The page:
Accessibility links

Russia/Ukraine: Arms Row Said To Threaten Space Program

  • Simon Saradzhyan

Moscow, 3 March 1997 (RFE/RL) -- Russian officials say they're not impressed by a reported Ukrainian threat to hinder Moscow's space program unless Russia stops blocking a huge Ukrainian arms deal with Pakistan.

The row over the lucrative order for a total 320 T-80 tanks has taken a lively turn, with words like "ultimatum," "blackmail" and "hysterical" being thrown about in the Russian press.

More important than a war of words are the potentially serious implications for Russia's space program, which is already suffering acute financing problems, as well as for Moscow's long-standing ties with India -- a major customer for Russian arms.

The row centers on Russia's refusal to supply Ukraine with more parts for T-80UD tanks to allow that country to carry through a $650 million deal with Pakistan. Russia supplies unique 125mm cannons for these tanks, plus the engines, heat visors and other key parts, without which Kyiv can hardly fulfil the order.

Russian press reports say that the main Ukrainian arms dealer Ukrspetsexport, which has already received some $70 million from Pakistan, quietly shipped 15 complete tanks to that country before officially announcing the deal.

Now, when the deal has been revealed, Ukraine will get no more 125-mm cannons or any other T-80 parts no matter what pressure it applies, Russia's chief arms exporter Rosvooruzhenye said.

Rosvooruzhenye spokesman Ivan Skrylnik said in a press interview that "as a state company we are determined to stand by and protect our country's national interests." And these interests will not be served if hundreds of T-80s arrive in Pakistan which has very tense relations with India, Moscow's strategic partner and chief importer of Russian-made weaponry.

Together with China, India has bought an estimated 60 percent of arms exported by Russia since the collapse of the Soviet Union.

Last month, Russia's Foreign Trade Minister Oleg Davydov said he will never allow further shipments of T-80 tank spare parts to Ukraine. Our correspondent says Russia is annoyed that Ukraine and other former Soviet republics have been selling surplus equipment from their Soviet-made weaponry arsenals, often at dumping prices. This lures clients away from Russia, which currently ranks second in the list of world's largest arms exporters.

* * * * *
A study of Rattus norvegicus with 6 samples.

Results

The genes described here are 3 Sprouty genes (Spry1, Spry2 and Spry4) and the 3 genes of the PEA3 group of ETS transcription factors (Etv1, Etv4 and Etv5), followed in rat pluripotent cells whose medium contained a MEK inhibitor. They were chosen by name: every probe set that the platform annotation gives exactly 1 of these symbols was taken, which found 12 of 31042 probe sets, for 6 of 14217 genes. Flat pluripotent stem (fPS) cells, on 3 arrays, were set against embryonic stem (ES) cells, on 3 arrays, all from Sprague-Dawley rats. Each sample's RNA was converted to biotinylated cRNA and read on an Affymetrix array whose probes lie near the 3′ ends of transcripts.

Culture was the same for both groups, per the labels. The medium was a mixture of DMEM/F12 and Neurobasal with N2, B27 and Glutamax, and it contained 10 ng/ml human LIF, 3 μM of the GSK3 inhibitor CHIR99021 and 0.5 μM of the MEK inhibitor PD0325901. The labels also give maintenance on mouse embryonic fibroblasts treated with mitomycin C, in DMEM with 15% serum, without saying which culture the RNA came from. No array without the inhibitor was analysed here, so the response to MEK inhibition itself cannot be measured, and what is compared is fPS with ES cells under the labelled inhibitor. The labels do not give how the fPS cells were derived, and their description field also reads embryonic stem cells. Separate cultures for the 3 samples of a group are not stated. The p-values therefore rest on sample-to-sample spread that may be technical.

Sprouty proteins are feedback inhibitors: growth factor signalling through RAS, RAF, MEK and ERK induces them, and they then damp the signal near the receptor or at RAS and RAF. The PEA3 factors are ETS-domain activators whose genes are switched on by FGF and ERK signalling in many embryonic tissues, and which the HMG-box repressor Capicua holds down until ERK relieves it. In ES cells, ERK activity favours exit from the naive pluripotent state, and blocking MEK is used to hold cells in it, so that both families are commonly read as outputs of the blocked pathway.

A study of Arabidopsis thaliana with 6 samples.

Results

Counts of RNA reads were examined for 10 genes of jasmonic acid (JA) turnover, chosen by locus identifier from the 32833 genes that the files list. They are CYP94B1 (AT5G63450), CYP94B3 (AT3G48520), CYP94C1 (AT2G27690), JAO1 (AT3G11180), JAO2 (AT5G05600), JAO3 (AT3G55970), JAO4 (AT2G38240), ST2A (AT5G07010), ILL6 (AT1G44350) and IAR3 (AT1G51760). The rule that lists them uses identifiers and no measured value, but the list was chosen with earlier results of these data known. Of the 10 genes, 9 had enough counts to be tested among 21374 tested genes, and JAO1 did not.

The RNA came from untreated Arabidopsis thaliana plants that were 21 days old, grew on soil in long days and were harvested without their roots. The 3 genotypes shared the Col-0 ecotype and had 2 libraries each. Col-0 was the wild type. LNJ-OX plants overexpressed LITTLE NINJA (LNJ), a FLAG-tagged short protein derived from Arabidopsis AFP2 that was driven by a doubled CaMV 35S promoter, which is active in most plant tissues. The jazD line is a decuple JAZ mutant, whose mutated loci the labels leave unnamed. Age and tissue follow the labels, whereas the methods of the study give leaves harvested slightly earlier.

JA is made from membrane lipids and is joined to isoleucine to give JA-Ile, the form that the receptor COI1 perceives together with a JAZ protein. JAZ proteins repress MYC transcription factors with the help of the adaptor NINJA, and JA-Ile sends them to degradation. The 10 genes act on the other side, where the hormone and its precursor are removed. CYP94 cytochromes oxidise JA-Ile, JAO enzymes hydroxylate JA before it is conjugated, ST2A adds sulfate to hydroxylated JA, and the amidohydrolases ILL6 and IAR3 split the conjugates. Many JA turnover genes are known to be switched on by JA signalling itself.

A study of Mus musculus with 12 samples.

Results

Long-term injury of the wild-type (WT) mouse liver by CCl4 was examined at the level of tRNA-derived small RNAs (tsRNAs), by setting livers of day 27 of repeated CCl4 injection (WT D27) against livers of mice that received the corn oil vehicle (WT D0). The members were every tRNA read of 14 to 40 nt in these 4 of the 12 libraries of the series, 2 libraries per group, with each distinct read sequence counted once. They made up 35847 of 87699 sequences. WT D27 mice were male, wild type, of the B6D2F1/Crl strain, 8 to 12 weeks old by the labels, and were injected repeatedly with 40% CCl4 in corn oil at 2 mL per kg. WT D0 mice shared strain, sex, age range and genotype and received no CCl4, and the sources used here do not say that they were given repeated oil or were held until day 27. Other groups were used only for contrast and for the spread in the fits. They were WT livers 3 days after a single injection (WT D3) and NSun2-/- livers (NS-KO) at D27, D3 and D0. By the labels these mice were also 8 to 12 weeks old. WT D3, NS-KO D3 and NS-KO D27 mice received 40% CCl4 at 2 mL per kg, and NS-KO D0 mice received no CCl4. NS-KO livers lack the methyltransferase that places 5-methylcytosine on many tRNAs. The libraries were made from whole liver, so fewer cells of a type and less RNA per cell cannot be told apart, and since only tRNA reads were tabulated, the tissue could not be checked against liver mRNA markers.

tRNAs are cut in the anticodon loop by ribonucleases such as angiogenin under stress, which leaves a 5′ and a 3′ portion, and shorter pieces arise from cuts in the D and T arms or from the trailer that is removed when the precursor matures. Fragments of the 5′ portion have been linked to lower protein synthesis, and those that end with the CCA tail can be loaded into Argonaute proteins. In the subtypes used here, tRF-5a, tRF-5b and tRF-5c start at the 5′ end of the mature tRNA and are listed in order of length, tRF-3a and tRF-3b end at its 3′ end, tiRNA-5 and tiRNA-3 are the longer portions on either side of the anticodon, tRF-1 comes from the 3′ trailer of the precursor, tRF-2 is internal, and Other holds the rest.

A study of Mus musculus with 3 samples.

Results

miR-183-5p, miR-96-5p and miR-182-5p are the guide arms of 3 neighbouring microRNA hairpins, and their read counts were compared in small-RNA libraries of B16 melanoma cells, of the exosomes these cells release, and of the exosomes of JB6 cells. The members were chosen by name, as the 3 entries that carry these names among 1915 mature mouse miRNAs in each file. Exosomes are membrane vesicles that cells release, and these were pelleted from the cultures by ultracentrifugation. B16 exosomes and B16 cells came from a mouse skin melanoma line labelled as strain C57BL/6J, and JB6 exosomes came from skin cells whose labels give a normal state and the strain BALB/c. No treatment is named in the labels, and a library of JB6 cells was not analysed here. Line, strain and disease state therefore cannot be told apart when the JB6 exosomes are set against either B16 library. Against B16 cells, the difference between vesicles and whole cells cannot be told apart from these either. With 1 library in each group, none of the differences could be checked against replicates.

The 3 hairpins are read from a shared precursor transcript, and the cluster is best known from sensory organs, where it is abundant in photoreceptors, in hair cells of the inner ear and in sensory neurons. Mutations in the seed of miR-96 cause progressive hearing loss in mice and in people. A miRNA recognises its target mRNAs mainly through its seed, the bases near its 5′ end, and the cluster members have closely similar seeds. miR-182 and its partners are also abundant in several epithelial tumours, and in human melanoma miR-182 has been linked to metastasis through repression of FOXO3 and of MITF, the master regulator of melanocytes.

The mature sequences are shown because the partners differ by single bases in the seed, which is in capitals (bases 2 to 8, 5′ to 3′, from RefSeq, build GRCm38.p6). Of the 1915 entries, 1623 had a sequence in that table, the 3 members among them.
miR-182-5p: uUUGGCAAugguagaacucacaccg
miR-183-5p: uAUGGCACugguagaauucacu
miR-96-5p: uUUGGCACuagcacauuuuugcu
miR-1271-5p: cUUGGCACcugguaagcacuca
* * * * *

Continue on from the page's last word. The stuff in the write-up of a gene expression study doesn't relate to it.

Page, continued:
Getting back to the threat to the Russian space program, the Russian daily "Sevodnya" has reported on what it called an "ultimatum" and "blackmail" by Ukrainian authorities. It said the secretary of the Ukrainian President's National Security Council, Vladimir Gorbulin, had linked shipments of space docking units from Ukraine to continuation of parts shipments for the tanks. Sevodnya described this as a "somewhat hysterical" threat.

Gorbulin's senior aide Yevgeny Grischada told RFE/RL that he could "neither confirm nor deny" that the Security Council secretary believes Ukraine should link docking systems to tank parts.

An RFE/RL correspondent in Moscow quotes Russian Space Agency official Boris Aleksin as saying the reported Ukrainian threat "doesn't scare us." Aleskin oversees relations with Ukraine at the space agency. He said that if need be, Russia is able to make for itself the docking systems at present built in Ukraine.

He said that most of these systems, including the "Kurs" automatic docking apparatus, had anyway been designed with the help of Russian scientists.

"We have the technology" he said. But he struck a more ominous note when he added "All we need is sufficient financing." He went on to say that in any case, the Russian and Ukrainian space industries are too closely integrated to be separated by any ill-thought-out decision.

Aleksin said any rupture of shipments from Ukraine would not affect Russia's efforts to assemble and launch key elements of the international space station Alfa. The Alfa project is being developed jointly by Russia, the United States, the European Space Agency, Japan and Canada.

Washington has repeatedly expressed concern about the ability of Russia to continue participing if the latter continues to stall with funding and with the production of such a key Alfa components as the service module that is scheduled is to start orbiting the Earth by next year.